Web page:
Photo: Larry Lambrecht
The United States capped its best year for hiring in 15 years with a healthy gain in December, and the unemployment rate hit a six-year low. The numbers support expectations that the United States will strengthen further this year even as overseas economies stumble. More at the AP and Reuters.
Why one Florida city reversed its road diet
In mid-2013, a mile-long stretch of 8th Avenue in Gainesville, Florida, went on a road diet. Four vehicle lanes became two for cars and two for cyclists. The hope was that the design trial would convince local officials to adopt a permanent two-lane multimodal street. Those hopes ended in December 2014. More at Citylab.
Forget carbon offsetting, insetting is the future
If you are in the market for the prized gem, the next one you buy could be one that took billions of years to form deep within the Earth — or about 12 weeks at a lab in Singapore.
Planting trees for carbon offsets is little better than green-washing in many people’s eyes. But what if this sustainability cliche were turned on its head – if trees were planted to support agroforestry within a business’s direct supply chain? More at the Guardian.
Supercomputers to boost weather forecasts
Hurricane predictions are about to become more accurate – and possibly more long-range. That's thanks to two government supercomputers, which will be upgraded this month to perform a staggering 1.5 quadrillion operations per second. More at the South Florida Sun-Sentinel.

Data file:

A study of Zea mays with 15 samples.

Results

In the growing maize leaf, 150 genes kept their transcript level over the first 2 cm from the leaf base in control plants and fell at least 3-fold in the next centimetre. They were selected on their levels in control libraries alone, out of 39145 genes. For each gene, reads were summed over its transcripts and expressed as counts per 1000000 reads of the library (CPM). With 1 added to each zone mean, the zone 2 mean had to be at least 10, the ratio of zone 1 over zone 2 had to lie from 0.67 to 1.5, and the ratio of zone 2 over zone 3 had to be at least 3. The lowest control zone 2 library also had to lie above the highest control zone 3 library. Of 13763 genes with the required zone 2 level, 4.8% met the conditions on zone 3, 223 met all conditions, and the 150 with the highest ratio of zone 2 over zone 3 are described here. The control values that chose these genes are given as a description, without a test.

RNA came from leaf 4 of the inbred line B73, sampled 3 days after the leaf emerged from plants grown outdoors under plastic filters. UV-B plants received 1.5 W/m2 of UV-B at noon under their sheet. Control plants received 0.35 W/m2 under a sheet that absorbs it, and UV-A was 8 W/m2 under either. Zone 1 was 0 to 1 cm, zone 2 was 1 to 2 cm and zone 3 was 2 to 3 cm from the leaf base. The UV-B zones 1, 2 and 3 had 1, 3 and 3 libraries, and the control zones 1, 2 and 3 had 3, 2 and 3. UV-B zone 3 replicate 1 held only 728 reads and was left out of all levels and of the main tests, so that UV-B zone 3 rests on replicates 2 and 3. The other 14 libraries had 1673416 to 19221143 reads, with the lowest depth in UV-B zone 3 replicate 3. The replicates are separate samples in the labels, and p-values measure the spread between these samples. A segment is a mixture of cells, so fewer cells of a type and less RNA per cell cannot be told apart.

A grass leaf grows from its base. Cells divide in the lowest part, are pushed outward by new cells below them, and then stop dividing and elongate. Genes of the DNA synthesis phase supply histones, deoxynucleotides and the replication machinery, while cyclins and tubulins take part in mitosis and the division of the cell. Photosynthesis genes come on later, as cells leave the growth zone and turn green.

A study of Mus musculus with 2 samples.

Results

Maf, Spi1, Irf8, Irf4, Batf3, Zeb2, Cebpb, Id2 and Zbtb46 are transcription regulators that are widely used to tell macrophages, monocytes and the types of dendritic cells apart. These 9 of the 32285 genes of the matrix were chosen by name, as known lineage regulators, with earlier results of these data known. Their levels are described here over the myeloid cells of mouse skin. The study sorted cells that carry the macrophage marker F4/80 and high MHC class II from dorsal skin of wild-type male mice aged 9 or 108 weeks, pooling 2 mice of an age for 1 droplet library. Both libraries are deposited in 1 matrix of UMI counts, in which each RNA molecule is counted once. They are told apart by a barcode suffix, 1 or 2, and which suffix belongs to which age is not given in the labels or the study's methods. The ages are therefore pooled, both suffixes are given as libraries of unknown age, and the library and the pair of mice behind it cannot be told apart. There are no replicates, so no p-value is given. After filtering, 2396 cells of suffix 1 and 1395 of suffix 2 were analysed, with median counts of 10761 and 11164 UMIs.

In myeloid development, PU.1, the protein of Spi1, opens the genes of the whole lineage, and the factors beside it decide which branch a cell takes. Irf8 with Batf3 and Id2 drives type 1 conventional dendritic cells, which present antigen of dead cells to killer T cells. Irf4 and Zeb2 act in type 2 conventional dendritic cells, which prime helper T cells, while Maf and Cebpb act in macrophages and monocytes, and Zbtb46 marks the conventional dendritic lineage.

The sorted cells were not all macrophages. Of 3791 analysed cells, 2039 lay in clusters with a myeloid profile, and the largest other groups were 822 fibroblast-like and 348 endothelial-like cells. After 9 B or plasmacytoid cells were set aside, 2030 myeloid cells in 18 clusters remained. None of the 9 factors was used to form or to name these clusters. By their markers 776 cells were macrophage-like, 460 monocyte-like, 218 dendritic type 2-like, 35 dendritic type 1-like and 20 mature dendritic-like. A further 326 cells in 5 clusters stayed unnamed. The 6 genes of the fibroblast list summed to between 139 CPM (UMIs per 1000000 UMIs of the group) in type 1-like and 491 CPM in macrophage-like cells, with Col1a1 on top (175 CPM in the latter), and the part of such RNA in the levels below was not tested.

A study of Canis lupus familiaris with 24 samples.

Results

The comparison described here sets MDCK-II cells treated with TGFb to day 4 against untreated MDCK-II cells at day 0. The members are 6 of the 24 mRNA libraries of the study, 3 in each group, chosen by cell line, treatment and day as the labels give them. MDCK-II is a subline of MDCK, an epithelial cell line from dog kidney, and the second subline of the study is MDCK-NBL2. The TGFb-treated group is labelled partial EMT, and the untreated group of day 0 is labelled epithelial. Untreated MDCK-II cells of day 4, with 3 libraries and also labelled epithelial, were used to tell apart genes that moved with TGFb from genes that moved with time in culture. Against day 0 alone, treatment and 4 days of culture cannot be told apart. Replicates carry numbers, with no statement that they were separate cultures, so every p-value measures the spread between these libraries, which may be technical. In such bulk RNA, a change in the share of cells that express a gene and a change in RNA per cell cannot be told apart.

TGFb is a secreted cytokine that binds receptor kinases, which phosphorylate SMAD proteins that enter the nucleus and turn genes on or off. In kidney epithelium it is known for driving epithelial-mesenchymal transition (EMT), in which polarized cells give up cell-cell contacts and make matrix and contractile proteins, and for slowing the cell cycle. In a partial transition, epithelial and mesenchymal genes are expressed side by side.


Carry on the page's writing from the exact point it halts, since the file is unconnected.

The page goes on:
New chief named for Everglades, Dry Tortugas parks
The National Park Service named a new superintendent for Everglades National Park this week, sticking with a local who is well-versed in the complexities of the South Florida environment. Pedro Ramos will be the park’s first Hispanic chief when he takes over later this month. More at the Miami Herald.
The Florida Wildlife Corridor Expedition, a non-profit organization focused on creating wildlife corridors to keep Florida wild, will launch Saturday, January 10. The Florida Wildlife Corridor Expedition team will hike, bike and paddle their way more than 900 miles across the heart of Florida on a 70-day long journey. Florida Trend readers: Keep an eye on this space - we will keep you updated on the Expedition's progress each Friday with videos, quotes, photos.